US scrap industry struggles in wake of China ban
THE US waste industry has been up in arms since China cracked down on imports of several categories of scrap goods, disrupting recycling markets across the US as exporters scramble to secure new markets for their products
THE US waste industry has been up in arms since China cracked down on imports of several categories of scrap goods, disrupting recycling markets across the US as exporters scramble to secure new markets for their products.
The situation was further aggravated on May 4 when China decertified the primary group able to pre-certify scrap imports for a month, leading to a de facto halt in exports.
Now, the effects are spreading beyond waste exporters and recyclers to the supply chain stakeholders that service them. Ports and ocean carriers have seen a remarkable drop in volumes in the first quarter of this year, as scrap goods are diverted to other destinations in Asia, according to data obtained by Washington DC's Supply Chain Dive.
Thirty-two categories of scrap products are in the crosshairs, as China vows to control the types of waste it accepts by the end of 2019.
The extensive ban, announced mid-April, will have 'an impact on 676,000 tons worth US$278 million in the first year and another85,000 tons worth $117 million in the second year,' according to a statement by the Institute of Scrap Recycling Industries (ISRI).
Already, the US ports closest to China are feeling the effects, as shippers send would-be scrap cargo to landfills instead of abroad.
'The more stringent standard was about reducing contamination, which has been difficult for recyclers to meet,' Northwest Seaport Alliance communications director Tara Mattina told Supply Chain Dive in an e-mail. 'That has resulted in reduced wastepaper exports through our gateway.'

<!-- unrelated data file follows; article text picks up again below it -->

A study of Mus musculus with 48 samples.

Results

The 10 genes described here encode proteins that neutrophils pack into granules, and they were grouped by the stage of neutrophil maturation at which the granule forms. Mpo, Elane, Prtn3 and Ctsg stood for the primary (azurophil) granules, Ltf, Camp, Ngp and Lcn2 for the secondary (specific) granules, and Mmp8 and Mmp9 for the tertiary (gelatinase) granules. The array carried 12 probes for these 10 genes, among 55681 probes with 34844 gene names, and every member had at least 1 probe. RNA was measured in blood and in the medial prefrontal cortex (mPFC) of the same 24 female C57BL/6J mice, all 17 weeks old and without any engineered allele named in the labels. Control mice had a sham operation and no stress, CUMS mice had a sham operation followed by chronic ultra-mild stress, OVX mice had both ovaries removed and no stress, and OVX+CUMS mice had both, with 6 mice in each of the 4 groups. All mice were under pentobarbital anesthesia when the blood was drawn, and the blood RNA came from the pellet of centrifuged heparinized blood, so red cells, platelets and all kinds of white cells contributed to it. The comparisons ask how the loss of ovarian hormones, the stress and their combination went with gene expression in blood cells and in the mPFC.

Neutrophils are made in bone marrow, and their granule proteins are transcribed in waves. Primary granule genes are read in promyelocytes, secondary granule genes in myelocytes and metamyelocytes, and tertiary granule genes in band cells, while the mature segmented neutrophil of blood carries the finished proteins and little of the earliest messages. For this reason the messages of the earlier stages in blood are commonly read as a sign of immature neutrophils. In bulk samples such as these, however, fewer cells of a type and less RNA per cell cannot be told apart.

The Alliance, which represents the Port of Seattle and the Port of Tacoma, among others in Washington, saw a 29 per cent year-on-year decline in wastepaper exports in January 2018.
Resource Recycling broke down how various polymer exports were affected by the policy at the Port of Los Angeles in a recent report. When compared to January 2017, this year five categories of polymers saw an 80 per cent drop in exports to China and Hong Kong.
US exporters are actively looking for new markets willing to buy their scrap. Many have found new clients in countries near to China, but the new markets have not been able to keep up in terms of volume imported.
'BCOs are working with markets in Southeast Asia and India but that's not making up the difference,' said Port of Long Beach spokesman.
'We have heard estimates of around 25-30 per cent volume decrease of total wastepaper and plastic scrap exports,' he said.
At the Northwest Seaport Alliance, China accounted for 83 per cent of wastepaper and paperboard exports in 2016 and 73 per cent in 2017, 'by far our largest export market' in the category, said Ms Mattina.
'That percentage has dropped to 45 per cent of wastepaper export volume through March 2018.'
During the same timeframe India's share of wastepaper/paperboard exports grew from 1.7 per cent to 21 per cent, while Indonesia's share rose from four per cent to 13 per cent.